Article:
Has Technology Changed Kids' Sense of Right and Wrong?


But what really alarmed me were kids' attitudes toward cheating. Call me old fashioned, but isn't cheating a bit like pregnancy? You're either pregnant or you aren't. You're either cheating or you aren't. Not much grey area that I can see. But that's not what the survey showed. Kids actually thought there were a range of offenses, from serious to "just helping yourself and a friend." And I think technology lies at the heart of this.

Personal technologies have created massive leaps forward in our kids' abilities to communicate, create, and collaborate. But they have an unintended consequence: They diminish the connection between action and consequence. Much of what goes on in digital life happens anonymously, which can make people think they can escape being caught. Remote access also lessens the sense of face-to-face responsibility. So what if you take a stranger's paper and pass it off as your own? Then there's the ease with which information can be found, captured, and sent to friends -- lots of them. Add to this an ability to communicate completely under parents' and teachers' radar, and you have a formula for kids thinking they can get away with less-than-ethical behavior.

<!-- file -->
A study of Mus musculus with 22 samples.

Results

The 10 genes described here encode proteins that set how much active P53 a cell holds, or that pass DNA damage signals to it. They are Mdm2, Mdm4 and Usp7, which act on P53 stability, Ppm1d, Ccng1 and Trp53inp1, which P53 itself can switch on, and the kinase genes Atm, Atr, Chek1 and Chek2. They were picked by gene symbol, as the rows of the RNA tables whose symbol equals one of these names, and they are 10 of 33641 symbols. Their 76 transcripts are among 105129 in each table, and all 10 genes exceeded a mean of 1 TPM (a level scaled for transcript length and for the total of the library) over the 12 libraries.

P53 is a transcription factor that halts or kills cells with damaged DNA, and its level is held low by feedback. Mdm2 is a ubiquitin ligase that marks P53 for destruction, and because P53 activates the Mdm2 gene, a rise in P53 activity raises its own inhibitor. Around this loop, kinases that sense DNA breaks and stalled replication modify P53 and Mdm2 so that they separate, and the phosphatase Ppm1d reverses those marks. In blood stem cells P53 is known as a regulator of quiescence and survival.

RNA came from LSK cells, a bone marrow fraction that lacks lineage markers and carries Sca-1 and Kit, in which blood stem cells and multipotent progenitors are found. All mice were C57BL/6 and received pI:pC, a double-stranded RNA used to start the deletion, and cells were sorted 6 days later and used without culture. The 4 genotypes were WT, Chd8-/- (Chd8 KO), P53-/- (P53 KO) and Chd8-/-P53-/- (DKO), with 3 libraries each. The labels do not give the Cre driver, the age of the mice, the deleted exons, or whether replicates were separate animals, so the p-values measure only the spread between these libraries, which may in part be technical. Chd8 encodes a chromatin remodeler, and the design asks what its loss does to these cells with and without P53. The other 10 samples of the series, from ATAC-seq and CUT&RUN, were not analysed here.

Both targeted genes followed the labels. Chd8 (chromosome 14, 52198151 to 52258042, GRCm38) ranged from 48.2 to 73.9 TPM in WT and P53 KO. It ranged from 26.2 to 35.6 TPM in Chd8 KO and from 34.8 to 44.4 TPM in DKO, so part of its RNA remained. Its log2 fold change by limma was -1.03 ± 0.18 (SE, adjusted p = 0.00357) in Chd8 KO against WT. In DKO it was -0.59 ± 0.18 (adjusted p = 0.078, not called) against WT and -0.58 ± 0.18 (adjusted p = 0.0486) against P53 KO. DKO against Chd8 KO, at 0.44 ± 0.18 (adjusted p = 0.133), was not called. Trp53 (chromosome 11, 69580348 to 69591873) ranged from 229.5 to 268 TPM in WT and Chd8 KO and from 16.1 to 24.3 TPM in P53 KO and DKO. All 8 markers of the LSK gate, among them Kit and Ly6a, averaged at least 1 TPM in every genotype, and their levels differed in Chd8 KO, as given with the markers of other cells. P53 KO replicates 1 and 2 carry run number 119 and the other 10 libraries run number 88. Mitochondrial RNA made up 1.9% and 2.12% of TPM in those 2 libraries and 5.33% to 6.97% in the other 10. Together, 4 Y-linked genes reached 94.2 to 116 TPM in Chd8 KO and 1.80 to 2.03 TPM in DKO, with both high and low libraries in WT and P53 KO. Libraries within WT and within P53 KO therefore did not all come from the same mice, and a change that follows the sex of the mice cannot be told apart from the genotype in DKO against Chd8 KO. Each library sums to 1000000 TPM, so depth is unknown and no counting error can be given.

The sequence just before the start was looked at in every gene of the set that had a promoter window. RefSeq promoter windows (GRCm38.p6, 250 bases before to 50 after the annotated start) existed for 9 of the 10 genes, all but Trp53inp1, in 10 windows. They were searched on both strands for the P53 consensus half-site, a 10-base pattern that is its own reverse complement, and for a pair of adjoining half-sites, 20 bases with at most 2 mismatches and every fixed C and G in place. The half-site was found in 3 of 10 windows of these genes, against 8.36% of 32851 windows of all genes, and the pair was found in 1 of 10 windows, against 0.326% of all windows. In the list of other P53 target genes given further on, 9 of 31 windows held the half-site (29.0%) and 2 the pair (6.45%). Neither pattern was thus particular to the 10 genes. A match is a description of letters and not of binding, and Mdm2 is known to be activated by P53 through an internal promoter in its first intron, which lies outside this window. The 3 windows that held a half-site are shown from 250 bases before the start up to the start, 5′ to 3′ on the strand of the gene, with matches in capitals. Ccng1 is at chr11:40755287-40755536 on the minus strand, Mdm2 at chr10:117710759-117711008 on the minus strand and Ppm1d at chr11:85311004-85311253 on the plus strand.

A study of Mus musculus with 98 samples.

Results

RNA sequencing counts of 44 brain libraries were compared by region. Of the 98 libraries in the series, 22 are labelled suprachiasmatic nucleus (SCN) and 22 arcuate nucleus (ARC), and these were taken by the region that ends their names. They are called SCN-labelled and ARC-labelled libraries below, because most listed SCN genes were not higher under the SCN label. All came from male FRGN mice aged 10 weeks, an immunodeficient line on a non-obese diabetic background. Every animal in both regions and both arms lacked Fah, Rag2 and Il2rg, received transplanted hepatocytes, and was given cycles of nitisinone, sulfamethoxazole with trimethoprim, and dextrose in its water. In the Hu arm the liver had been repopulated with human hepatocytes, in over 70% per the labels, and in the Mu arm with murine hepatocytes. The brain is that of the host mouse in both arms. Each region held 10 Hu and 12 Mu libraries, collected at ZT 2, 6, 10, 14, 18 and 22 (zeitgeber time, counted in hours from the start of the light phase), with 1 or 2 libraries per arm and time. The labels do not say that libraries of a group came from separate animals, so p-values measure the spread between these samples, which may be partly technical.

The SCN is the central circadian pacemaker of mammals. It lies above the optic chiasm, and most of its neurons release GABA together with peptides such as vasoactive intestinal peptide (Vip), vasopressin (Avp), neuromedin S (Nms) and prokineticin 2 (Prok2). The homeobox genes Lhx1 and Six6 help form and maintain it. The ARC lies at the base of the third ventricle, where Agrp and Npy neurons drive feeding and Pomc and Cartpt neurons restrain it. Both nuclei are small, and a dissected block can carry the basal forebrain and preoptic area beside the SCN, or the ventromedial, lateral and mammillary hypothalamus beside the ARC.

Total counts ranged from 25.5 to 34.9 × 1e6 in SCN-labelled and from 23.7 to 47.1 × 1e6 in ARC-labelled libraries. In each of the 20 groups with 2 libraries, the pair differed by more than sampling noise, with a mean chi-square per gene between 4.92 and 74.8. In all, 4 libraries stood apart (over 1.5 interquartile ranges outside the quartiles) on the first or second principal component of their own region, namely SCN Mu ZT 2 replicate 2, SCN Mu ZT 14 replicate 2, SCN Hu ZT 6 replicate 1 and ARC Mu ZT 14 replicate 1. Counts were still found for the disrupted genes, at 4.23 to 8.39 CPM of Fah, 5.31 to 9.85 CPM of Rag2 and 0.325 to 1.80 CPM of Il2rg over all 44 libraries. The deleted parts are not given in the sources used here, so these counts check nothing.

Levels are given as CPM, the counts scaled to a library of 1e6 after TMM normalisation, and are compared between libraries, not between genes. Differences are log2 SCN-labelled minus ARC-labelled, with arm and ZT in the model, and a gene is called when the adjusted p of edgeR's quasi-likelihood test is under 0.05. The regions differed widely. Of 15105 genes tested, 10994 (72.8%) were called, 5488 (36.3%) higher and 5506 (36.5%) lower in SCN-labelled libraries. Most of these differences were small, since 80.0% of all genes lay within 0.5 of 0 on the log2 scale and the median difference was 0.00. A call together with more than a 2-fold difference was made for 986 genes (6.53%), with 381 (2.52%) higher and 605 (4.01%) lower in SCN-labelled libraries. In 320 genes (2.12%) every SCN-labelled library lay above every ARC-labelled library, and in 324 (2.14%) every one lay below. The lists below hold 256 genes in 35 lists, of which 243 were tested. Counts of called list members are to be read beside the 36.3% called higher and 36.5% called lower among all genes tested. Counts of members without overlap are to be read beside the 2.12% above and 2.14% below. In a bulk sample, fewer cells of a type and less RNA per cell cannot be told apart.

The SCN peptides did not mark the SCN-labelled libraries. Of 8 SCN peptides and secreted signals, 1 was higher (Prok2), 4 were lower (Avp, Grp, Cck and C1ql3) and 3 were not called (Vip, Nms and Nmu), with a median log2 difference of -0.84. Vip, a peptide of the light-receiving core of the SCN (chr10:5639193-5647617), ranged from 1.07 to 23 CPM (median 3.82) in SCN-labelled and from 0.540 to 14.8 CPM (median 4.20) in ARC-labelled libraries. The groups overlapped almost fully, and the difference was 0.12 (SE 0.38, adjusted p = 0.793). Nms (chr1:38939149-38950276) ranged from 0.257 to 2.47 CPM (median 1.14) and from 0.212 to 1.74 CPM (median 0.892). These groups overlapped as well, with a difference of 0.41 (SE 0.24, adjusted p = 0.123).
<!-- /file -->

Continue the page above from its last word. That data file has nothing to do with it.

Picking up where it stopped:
As our kids create the content and the rules of this brave new world they'll live in, don't they want a responsible society where people are who they say they are, write what they said they've written, and respect others' creativity? Right now, our kids' technological abilities outstrip their judgment. It's up to parents and teachers to remind this generation that they have a choice: They can create an honest, open Internet and mobile world, or they can create one in which they'll always have to be suspicious of what they find and who they know.